This Rekord trigger blade has been broken at the pivot hole.
This report covers:
- Back story
- Vintage Rekord rear triggerguard screw hole
- No fit?
- What rifle?
Today we look at replacing a Rekord trigger blade with a steel setback blade from T. R. Robb. There is a lot to learn today so try to follow along.
I recently received a vintage Weihrauch air rifle that I will tell you about in the future. When I looked at the barreled action that came from the shipping box, the trigger blade was flopping around in an uncharacteristic way. I examined it and saw what you see in the first photo. The hole where the pivot pin passes through has split open! I have never seen this in my 40 years of looking at Rekord triggers. Apparently it happens, though I don’t know how.
There are several places that sell factory Rekord trigger blades, but because this one was broken and I had to fix it anyway I decided to go with the steel setback trigger blade from T.R. Robb in the UK. It was in my mailbox a week after I ordered it.
The kit contained the steel trigger blade (stronger than the alloy Weihrauch blade that broke) two washers to eliminate sideplay, a packet of grease and a funny little screw that I have no idea what to do with. It was missing just one thing — an Englishman to put it all together for me. Well — how hard could it be? Famous last words!
The setback trigger and the two washers that take up sideplay.
Vintage Rekord rear triggerguard screw hole
Before we look at the installation, the Rekord in this vintage airgun is also vintage. Instead of the nut that slips into the trigger box to accept the rear triggerguard screw, this one has the threaded hole I told you about. Let’s see.
The rear triggerguard screw hole is threaded in the sheetmetal box.
Underside of the same hole.
To put the washers into the trigger box with the new blade I used the grease to stick them to the side of the trigger blade.
The washers are stuck to the trigger blade with grease. That silver screw below came in the kit and I’m still figuring it out. I think it replaces the trigger adjustment screw, but it’s smaller and I don’t yet know where it goes.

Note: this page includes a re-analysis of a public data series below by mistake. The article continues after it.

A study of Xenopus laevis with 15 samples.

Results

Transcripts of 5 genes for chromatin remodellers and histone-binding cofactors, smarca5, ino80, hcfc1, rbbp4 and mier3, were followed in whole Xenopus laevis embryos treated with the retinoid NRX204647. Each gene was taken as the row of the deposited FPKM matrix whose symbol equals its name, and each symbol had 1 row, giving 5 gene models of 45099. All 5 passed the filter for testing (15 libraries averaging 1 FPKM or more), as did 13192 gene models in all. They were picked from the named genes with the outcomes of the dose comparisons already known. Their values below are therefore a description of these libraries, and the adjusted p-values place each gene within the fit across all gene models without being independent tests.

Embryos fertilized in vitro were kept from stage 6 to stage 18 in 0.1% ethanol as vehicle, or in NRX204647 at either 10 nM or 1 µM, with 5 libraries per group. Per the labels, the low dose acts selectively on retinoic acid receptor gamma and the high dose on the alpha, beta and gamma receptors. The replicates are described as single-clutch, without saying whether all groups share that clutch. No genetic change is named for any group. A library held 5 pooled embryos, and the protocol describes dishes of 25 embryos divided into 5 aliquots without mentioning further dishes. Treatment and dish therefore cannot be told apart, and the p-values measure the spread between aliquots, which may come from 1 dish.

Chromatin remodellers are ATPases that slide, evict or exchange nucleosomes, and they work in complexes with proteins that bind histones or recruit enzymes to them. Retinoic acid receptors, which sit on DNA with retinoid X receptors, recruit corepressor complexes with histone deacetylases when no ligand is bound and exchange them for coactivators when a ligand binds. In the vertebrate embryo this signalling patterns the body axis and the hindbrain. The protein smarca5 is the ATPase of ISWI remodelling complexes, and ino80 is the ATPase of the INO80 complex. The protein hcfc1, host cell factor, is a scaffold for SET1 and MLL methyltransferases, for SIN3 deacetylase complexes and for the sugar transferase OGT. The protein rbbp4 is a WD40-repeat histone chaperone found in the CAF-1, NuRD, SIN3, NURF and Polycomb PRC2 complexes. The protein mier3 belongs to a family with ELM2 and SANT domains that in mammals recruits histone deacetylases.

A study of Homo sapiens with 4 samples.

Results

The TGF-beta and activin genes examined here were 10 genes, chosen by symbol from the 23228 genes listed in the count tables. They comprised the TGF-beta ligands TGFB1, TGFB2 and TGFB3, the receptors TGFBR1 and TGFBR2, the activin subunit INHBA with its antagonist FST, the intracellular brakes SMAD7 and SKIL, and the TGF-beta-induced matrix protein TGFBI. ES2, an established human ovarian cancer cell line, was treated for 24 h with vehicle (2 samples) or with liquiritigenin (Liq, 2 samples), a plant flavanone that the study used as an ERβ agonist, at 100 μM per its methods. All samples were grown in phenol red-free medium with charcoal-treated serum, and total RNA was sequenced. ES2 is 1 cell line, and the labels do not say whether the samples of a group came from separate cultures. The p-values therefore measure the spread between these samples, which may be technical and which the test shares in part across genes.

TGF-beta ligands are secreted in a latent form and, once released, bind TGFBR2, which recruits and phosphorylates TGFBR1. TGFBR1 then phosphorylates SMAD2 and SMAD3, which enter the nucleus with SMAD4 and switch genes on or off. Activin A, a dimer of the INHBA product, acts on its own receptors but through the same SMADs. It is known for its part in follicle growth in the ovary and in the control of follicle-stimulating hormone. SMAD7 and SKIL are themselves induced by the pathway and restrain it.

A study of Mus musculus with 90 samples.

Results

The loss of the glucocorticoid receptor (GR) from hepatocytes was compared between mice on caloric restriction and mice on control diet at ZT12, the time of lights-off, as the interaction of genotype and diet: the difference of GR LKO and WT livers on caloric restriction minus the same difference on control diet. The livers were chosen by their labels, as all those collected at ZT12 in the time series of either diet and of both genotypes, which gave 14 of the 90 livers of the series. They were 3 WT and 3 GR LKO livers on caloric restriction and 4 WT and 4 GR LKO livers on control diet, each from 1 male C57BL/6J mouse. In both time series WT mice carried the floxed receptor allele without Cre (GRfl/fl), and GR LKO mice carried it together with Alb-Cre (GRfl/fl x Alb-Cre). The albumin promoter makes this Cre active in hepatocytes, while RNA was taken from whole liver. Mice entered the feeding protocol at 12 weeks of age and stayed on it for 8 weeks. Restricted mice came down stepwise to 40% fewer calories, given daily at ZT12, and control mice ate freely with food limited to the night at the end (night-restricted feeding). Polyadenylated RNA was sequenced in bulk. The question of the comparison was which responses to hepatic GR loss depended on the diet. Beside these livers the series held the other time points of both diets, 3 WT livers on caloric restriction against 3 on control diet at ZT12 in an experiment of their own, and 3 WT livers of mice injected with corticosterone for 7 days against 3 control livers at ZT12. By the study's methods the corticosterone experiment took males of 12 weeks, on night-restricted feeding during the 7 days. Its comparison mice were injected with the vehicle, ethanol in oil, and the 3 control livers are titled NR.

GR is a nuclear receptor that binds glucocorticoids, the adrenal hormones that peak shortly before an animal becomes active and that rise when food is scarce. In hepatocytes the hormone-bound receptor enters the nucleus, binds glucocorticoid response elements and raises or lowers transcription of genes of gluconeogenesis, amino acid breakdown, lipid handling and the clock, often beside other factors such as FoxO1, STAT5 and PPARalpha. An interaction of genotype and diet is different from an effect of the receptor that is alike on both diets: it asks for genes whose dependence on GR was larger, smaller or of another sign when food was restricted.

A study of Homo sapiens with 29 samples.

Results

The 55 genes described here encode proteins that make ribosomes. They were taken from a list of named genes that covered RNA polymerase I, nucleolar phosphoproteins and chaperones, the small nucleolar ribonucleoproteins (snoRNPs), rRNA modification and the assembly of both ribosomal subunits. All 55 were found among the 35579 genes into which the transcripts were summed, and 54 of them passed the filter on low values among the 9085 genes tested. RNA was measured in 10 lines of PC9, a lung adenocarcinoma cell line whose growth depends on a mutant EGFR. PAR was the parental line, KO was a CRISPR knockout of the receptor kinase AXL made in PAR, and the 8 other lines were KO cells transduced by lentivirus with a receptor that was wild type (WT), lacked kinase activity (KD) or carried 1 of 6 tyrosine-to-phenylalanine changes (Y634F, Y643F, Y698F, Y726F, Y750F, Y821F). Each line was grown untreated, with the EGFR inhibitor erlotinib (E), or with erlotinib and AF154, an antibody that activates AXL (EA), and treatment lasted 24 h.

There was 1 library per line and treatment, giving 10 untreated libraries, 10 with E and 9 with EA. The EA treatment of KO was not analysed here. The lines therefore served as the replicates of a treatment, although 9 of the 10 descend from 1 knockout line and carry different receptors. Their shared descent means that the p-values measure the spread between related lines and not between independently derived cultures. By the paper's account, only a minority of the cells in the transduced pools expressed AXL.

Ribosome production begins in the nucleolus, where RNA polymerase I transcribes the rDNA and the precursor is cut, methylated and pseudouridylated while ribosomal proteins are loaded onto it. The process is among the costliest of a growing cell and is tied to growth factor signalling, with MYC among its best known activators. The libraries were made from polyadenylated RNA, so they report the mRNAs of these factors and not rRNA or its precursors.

And this is where the trigger blade and two washers go.
When I tried to install the trigger in the trigger box with the washers, it didn’t fit. And one washer is almost twice as thick as the other. Ahh — so that’s why there is also a piece of fine sandpaper in the kit!
It only took a few minutes to reduce the thickness of one washer so they both fit inside the trigger box with the trigger blade.
I won’t lie and tell you this job was easy. It took me 90 minutes to get the blade in the trigger box and the rifle firing as it should. I still have some adjustment work to do, but the rifle does fire as it should, so the job was a success.
Oh, you want to know what rifle this trigger belongs to? Well, let’s take a look.
On this side the rifle looks like an HW35.
While on this side we can see it’s an HW 54EL — a Barakuda — an ether-injected breakbarrel that attempted to break the sound barrier with .22-caliber pellets through detonation.
Yes, this is an HW 54EL, ether-injected breakbarrel from the 1950s and ’60s — a Barakuda! It is the rifle for which the .22-caliber H&N Baracuda pellet was created, And now that the trigger is fixed I guess I’ll have to review it for you.
Today we have seen a weakness in the Rekord trigger. We have also seen what it takes to fix it. I hope it was of some benefit.